News, Media & FAQs | Media watch
Catch up on the most topical issues in sugars and health making the Australian headlines this month:
1. Industry funded research
A paper, ‘Sugar Industry and Coronary Heart Disease Research’, published in the Journal of the American Medical Association (JAMA) received a lot of media attention this month. The paper suggested that the sugar industry sponsored a research program in the 1960s and 1970s that cast doubt about the hazards of sucrose while promoting fat as the dietary culprit in coronary heart disease. This paper was picked up by the New York Times in an article titled “How the sugar industry shifted the blame to fat” and became widespread across media outlets. It is important to note that nutrition research over the last 40 years has yet to find a direct link between moderate sugar intakes and cardiovascular disease. The Heart Foundation currently recommends ‘limiting foods high in added sugars’ and highlights that too much unhealthy saturated fat and trans fat can increase your risk of heart disease.
2. The sugar tax debate continues
There was also a lot of noise around a sugar tax with Victorian MP Russell Broadbent calling for a sugar tax in parliament whilst deputy prime minister, Barnaby Joyce declared that he under a Coalition government, a sugar tax would not be considered due to the negative impact it would have on the Australian sugar industry.Those in favour of a tax included; The Obesity Coalition, AUSVEG, Cancer Council, LiveLighter, and Diabetes QLD.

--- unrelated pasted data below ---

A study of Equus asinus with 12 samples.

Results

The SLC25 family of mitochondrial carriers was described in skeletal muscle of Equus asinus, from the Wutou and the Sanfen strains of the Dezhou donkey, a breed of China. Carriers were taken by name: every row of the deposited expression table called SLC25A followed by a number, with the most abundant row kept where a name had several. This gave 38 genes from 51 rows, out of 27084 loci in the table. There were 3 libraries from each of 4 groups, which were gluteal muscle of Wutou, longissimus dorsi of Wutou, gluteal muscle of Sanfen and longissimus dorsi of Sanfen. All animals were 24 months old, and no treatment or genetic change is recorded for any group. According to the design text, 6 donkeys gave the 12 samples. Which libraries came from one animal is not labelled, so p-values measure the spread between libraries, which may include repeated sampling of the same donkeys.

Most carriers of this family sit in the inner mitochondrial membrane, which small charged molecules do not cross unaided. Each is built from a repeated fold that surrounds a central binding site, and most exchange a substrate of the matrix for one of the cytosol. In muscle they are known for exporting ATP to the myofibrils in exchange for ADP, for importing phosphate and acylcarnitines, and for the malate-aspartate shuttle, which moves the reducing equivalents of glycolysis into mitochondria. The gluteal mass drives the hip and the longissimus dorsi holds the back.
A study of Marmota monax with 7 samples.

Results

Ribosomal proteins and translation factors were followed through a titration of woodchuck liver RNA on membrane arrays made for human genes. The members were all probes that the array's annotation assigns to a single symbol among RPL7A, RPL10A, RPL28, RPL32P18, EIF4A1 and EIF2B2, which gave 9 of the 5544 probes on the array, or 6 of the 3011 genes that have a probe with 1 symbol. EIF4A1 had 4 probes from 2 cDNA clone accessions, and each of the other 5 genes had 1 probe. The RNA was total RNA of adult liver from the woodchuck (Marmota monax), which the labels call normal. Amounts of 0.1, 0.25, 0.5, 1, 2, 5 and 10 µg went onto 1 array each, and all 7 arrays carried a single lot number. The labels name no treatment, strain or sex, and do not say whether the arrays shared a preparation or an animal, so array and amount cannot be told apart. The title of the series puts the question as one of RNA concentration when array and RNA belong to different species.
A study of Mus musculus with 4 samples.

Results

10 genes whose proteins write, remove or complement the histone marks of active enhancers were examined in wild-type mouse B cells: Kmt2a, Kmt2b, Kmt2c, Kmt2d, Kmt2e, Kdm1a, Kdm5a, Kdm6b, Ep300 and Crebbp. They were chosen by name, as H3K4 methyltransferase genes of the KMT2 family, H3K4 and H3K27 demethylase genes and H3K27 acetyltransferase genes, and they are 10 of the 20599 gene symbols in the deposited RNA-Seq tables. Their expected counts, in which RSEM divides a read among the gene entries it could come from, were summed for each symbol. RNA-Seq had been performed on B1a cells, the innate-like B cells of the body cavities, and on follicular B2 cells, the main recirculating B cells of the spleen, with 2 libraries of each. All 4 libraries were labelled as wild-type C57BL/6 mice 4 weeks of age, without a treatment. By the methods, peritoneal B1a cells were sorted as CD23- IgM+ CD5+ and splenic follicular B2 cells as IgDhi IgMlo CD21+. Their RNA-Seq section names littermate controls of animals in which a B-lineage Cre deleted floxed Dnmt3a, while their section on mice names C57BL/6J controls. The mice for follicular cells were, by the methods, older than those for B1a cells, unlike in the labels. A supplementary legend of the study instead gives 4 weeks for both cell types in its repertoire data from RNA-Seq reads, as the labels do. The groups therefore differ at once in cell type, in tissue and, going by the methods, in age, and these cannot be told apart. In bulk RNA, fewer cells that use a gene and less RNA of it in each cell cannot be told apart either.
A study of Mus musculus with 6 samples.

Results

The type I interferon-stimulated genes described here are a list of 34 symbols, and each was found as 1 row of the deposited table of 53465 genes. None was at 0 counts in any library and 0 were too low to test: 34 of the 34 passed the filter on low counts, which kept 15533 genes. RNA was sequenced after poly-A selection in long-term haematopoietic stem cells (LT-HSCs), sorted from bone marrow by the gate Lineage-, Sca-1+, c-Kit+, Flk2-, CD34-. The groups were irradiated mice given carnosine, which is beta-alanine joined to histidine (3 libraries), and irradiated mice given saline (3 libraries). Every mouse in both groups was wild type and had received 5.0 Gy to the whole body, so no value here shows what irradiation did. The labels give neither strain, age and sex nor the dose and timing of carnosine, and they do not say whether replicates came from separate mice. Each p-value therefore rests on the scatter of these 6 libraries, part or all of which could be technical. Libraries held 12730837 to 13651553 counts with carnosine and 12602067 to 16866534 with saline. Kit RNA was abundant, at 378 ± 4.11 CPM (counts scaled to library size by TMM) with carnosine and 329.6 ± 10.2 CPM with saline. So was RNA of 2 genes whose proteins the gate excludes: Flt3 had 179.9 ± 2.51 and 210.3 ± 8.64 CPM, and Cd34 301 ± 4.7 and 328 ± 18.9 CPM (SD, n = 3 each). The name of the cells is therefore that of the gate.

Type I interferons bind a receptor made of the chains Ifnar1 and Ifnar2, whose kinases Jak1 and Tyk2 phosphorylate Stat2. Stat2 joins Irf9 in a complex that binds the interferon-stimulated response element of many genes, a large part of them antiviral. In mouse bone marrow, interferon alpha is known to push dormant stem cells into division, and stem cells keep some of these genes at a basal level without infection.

Whilst, those also not in support of a tax included the; Canegrowers, The Australian Food and Grocery Council (AFGC) and The Australian Beverages Council.
In response to the growing discussion and debate on a sugar tax the SRAS have published an article online, “Sugary drinks tax – the great debate” which explores the pro’s and cons’ of a sugar tax
3. Release of obesity statistics
New research from Sydney Uni which has used modelling studies to show the populations obesity statistics will increase from 28% to 35% from 2010 to 2025. This is above the zero increase target set by the World Health Organisation. The biggest weight gain occurred in people aged between 25 and 45, and this was the result of environmental and lifestyle factors such as the availability of fast food and less engagement in physical activity. The model will be used to examine the evidence for successful prevention or weight loss programs and help researchers to work out the most effective – and cost-effective – ways to manage obesity in the future.